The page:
The Flavanols In Cocoa May Support Brain Health, Study Suggests
Whether you're spending the holidays with family, a few close friends, or on your own this year, desserts are certainly a festive highlight. Sure, it's important to limit sugar and other inflammatory foods to keep your immune system strong, but new research makes a brain-healthy case for eating cocoa.
The small study, published in Scientific Reports, found the antioxidant flavanols in cocoa can support brain vascular function and cognitive performance1 in young, healthy adults.
How researchers tested brain vascular function.
Researchers from the University of Birmingham and the University of Illinois at Urbana-Champaign looked at 18 nonsmoking adults with no history of brain, heart, vascular, or respiratory diseases. Each of the participants identified as male and was between 18 and 45 years old.
This triple-masked study randomly divided participants into two groups: One group consumed flavanol-rich cocoa, and the other consumed processed cocoa with very low levels of flavanols—neither group knew which type of cocoa they were consuming.
Two hours after consuming the cacao, participants were asked to breathe air containing 5% carbon dioxide. "This is a standard method for challenging brain vasculature to determine how well it responds," co-author Gabriele Gratton, Ph.D., said in a news release. The body's normal response is to increase blood flow to the brain, bringing in more oxygen and allowing the brain to eliminate more carbon dioxide, he explained.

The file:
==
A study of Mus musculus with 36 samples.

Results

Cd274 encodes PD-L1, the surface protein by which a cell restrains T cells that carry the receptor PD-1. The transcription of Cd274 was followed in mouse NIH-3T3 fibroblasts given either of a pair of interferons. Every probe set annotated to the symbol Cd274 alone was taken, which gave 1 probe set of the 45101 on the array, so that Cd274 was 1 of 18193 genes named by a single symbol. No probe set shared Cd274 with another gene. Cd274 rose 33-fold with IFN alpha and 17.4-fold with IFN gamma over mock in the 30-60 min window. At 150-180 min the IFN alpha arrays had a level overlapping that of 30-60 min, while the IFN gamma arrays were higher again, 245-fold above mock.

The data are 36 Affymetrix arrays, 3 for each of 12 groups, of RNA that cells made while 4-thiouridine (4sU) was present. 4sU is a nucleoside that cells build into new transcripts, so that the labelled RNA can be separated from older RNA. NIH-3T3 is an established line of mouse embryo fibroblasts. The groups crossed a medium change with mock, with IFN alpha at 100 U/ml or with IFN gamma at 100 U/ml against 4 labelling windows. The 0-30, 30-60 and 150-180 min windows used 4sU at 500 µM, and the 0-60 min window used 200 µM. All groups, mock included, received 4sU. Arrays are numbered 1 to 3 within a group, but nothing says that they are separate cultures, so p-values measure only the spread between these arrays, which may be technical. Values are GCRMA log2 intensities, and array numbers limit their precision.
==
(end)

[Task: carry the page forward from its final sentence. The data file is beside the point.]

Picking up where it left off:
The link between cocoa and brain health.
Those who ate the flavanol-concentrated cacao were better able to defend against the excess carbon dioxide. In other words, the oxygenation process (increasing oxygen, decreasing CO2) was much faster for that group.
More specifically, "the levels of maximal oxygenation were more than three times higher in the high-flavanol cocoa versus the low-flavanol cocoa, and the oxygenation response was about one minute faster," lead researcher Catarina Rendeiro, Ph.D., said.
When taking cognitive tests, the flavanol-rich group outperformed their baseline performance and the reduced flavanol group by 11%.
So, what are flavanols exactly? "Flavanols are small molecules found in many fruits and vegetables, and cocoa, too," Rendeiro stated. "They give fruits and vegetables their bright colors, and they are known to benefit vascular function."
Based on these findings, cocoa may support brain health and cognitive functioning in most people. Those who didn't see improvements (4/18) already had high oxygenation responses prior to the study. "This may indicate that those who are already quite fit have little room for improvement," Rendeiro said.
Abby Moore is an editorial operations manager at mindbodygreen. She earned a B.A. in Journalism from The University of Texas at Austin and has previously written for Tribeza magazine. She has covered topics ranging from regenerative agriculture to celebrity entrepreneurship. Moore worked on the copywriting and marketing team at Siete Family Foods before moving to New York.